LUFKIN, TX (KTRE) - We told you yesterday about a former Pineywoods Community Academy counselor who is charged with attempted possession of child pornography. That counselor is John Carter, 42, of Huntington.
Police started looking into Carter after he reportedly engaged in inappropriate conversations with a student, prompting a concerned parent to go to police, where they say they discovered searches for child porn on Carter's computer.
The attempted possession of child pornography and conversation between Carter and the student are not related.
KTRE talked with a parenting expert at Harold's House who explains how parents can communicate and educate their children about these type of situations.
In the 14-page affidavit that accompanied former Pineywoods Community Academy counselor, John Carter's arrest, police say they believe Carter was grooming a young girl for abuse.
A tactic that community education director at Harold's House, Ashley Cook says is very well-known in these type of situations.
"It can start with small touches or asking a child to sit on their lap or buying them gifts or talking to them and using sexual words and they're kind of testing to see a child's reaction so as a parent you can teach your child that any kind of things like that you should never that an adult should not do that with you," said Cook.
Cook says talking with your children consistently and in small windows is key to keeping the communication lines open.
"First of all is to ave the communication with your child where you tell them, does anyone ever make you uncomfortable or asks you to do anything that makes you feel uncomfortable…if that happens come and talk to me," said Cook.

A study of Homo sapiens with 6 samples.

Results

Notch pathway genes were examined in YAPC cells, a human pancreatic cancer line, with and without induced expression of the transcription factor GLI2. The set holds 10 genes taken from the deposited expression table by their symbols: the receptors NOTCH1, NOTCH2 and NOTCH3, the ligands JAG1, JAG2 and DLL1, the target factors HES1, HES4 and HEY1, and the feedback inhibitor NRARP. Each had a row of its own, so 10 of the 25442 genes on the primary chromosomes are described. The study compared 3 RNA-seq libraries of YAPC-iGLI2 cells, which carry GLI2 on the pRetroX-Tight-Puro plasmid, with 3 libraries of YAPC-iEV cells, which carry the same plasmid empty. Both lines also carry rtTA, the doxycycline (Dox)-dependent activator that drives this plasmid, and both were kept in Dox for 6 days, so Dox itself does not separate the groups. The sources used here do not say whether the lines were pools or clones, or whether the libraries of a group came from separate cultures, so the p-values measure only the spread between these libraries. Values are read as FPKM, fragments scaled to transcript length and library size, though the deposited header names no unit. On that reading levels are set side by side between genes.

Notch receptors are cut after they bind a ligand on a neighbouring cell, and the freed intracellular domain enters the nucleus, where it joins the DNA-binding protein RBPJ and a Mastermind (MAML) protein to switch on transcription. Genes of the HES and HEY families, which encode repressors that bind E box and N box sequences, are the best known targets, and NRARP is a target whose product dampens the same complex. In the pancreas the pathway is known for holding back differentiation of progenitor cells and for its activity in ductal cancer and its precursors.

Cook also suggests teaching children that no adults should ever ask a child to keep secrets from their parents or caretaker by sharing examples of bad secrets.
"An example of a bad secret would be if an adult touches you in an uncomfortable way, touches your private area and then says don't tell mom or dad anything about it."
And good secrets…
"A good secret would be one that everybody is going to know about like tomorrow is Aunt Susie's birthday so we're going to throw her a surprise party so we're not going to tell her today but tomorrow everybody is going to know," said Cook.
Cook says she recommends a lifetime of communication with your children about body safety.
"So what we recommend is to have a lifetime of communication with your child about body safety and it begin at the youngest age, potty training age, with teaching them the correct names of the body parts for the private area, teaching them what is their private area. You can teach them in little ways, I like to call them little windows of conversation because children's attention span can be short," said Cook.
"You can teach them things like anything that my bathing suit covers is my private area and that belongs to me and other adults are not allowed to touch that and you should also tell them that no one should ask me to look at or touch their private area," said Cook.
Cook also says if a child comes to you and tells you something concerning try to under-react.
"Under-react if a child does come and tell you something concerning because if you're angry and upset, which is a natural reaction when a child comes and tells you something concerning, if you can focus on under-reacting, the child is more likely to share more with you because they're not scared and they don't feel like you're angry at them," said Cook.
And of course, Cook says if any parent or caretaker has any concerns about their child's safety she recommends contacting law enforcement or the CPS hotline (1-800-252-5400), if there is suspicion about abuse.
"Generally, if one child is in danger, it's a very strong possibility that more children might be in danger in any given situation where there might be an abuser and so you're helping more than your child you might be able to help someone else's child," said Cook.
Harold's House offers parenting classes as well as an array of other services free to the community.